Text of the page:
Release Date: January 09th, 2010 (Japan)
Running Time: 122 mins.
Director: Kim Tae-Gyun
Writer: Tetsuya Oishi (Screenplay), Koji Matsumoto (Original Manga)
Starring: Hideo Ishiguro, Dai Watanabe, Miori Takimoto, Asami Mizukawa, Koji Yamamoto, Ayako Omura
Based on a manga by Koji Matsumoto, the film starts media res as a terrified man runs through a forest and hides in a temple. Soon, the reason for his terror appears as vampires burst in and begin to torment the poor chap before a masked stranger bursts in using a huge log to obliterate a vampire’s head.
Nothing subtle here then.
Akira Miyamoto (Hideo Ishiguro) is a normal school-boy with a family falling apart due to the disappearance of his older brother Atsushi (Dai Watanabe) and his fiancé’s disappearance. When a mysterious woman tells Akira she knows where Atsushi is, she offers hope of finding him but he is suspicious and recruits his friends to get more information about the woman. Unfortunately, they are attacked by a vampire which the woman eliminates. She reveals more about what has happened to Atsushi and asks Akira to accompany her to the island. Which is inhabited by even more vampires. Akira is determined to find his brother and his friends are determined to protect him.
And so, they head to the island brimming with confidence and looking woefully underprepared. This is a fast moving b-movie and knows it. Once surrounded by a horde of bad-guys one of heroes says, “Guys, there’s something strange about these villagers.” I couldn’t help but grin.
Directed by Kim Tae-gyun (Volcano High), this is a neat title which ignores subtlety and reality in order to tell a story which can be compared with the recent live-action adaptation of Blood: The Last Vampire but without dire plot and CGI.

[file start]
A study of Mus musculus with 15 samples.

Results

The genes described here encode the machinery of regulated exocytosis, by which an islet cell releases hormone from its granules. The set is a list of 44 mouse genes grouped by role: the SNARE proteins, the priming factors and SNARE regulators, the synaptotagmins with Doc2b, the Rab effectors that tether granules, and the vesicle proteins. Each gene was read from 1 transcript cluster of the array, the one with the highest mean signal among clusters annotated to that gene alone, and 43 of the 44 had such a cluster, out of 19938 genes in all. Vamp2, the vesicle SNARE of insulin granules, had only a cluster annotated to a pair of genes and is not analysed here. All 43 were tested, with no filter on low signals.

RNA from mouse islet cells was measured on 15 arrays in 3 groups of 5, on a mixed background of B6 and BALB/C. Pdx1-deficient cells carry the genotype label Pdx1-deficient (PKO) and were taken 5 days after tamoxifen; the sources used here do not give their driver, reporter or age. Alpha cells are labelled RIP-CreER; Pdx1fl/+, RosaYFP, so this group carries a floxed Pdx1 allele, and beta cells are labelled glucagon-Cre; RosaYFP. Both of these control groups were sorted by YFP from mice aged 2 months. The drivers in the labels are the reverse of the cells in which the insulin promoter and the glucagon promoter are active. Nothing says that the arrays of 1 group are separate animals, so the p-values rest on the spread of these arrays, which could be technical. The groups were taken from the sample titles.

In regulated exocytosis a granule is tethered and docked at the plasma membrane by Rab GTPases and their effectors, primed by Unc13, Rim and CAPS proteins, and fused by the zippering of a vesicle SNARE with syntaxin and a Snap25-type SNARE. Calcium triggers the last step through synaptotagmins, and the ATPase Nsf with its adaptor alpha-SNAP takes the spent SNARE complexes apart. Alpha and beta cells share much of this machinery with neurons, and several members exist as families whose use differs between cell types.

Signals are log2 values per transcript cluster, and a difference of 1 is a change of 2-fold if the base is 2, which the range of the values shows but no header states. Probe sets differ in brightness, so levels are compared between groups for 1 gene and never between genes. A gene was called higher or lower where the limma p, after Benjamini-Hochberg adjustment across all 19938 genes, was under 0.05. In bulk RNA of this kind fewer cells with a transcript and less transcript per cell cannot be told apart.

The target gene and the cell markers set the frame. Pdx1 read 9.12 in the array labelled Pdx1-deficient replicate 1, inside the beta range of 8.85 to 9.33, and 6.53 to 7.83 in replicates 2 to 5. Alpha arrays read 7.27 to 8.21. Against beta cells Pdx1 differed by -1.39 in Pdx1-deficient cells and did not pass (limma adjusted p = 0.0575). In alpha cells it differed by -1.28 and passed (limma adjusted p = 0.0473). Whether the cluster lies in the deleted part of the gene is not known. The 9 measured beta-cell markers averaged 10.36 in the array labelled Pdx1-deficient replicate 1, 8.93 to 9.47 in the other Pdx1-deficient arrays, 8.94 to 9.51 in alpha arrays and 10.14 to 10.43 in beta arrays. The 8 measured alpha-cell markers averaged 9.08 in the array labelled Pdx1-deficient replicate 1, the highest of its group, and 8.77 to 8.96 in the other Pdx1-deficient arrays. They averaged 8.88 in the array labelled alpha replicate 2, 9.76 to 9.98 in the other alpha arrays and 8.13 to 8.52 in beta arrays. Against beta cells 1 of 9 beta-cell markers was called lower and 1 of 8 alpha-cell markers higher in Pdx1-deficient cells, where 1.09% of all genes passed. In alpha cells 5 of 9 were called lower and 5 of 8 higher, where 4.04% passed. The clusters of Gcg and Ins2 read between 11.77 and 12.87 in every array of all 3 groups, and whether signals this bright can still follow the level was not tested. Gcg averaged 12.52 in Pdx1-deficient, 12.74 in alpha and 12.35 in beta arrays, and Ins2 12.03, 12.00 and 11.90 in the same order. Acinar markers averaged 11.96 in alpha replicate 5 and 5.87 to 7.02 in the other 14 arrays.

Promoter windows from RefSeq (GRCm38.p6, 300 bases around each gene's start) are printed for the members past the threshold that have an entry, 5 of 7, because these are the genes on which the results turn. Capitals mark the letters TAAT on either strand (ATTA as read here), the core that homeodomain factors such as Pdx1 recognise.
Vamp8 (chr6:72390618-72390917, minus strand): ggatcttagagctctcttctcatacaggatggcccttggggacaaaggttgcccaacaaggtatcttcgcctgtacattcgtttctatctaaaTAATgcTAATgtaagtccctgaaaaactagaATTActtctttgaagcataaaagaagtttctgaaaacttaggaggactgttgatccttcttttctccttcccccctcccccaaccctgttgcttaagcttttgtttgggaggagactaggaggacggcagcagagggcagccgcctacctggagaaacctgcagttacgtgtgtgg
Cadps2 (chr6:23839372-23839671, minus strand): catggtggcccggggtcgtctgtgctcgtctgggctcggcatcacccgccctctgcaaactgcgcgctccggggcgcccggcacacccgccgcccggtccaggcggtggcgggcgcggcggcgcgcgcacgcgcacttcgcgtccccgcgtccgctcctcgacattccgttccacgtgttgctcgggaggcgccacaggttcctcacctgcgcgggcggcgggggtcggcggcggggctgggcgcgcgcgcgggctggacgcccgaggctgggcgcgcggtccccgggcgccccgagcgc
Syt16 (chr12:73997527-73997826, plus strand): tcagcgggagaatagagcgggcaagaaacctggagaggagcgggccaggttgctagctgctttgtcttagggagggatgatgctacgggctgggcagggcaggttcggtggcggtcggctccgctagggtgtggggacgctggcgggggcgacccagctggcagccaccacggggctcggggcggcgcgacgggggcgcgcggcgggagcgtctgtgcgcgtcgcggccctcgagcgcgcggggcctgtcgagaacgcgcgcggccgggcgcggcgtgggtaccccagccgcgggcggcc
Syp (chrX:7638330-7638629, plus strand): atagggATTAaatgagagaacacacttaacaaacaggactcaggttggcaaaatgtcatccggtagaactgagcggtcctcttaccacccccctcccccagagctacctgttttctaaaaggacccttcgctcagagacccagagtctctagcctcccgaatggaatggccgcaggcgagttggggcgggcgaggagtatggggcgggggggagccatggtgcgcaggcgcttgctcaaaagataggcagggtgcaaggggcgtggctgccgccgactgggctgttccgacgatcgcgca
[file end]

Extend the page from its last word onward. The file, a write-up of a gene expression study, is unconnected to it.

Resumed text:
Higanjima’s plot is somewhat predictable and the cast of characters are generic manga clichés: lead character who has to battle emotions, weak cheer-leader girl, bad-boy with a good side and a punch perm and so on. The villains are slightly more varied and entertaining with the main antagonist being a camp vampire who devours his scenes.
I’m unfamiliar with the source manga but going the action route is great because the camera work is kinetic making the plentiful bloody action scenes energetic and unpredictable whilst maintaining a great rhythm and frequently getting blood on camera lens.
The film is visually interesting, making great use of the volcanic island it is set on and its WWII bunkers. I found the most interesting thing the film reinforces is the idea that Japan is a chain of islands, some of which might be unknown and mysterious.
The visuals do take a dive when it comes to CGI. Used well throughout the film in creating and enhancing enemies and fights there is a giant beast towards the end which was underwhelming to say the least. But at that point, I had drawn enough entertainment to consider Higanjima a great rental title. The end promises a sequel and I can say that I’d be willing to check it out.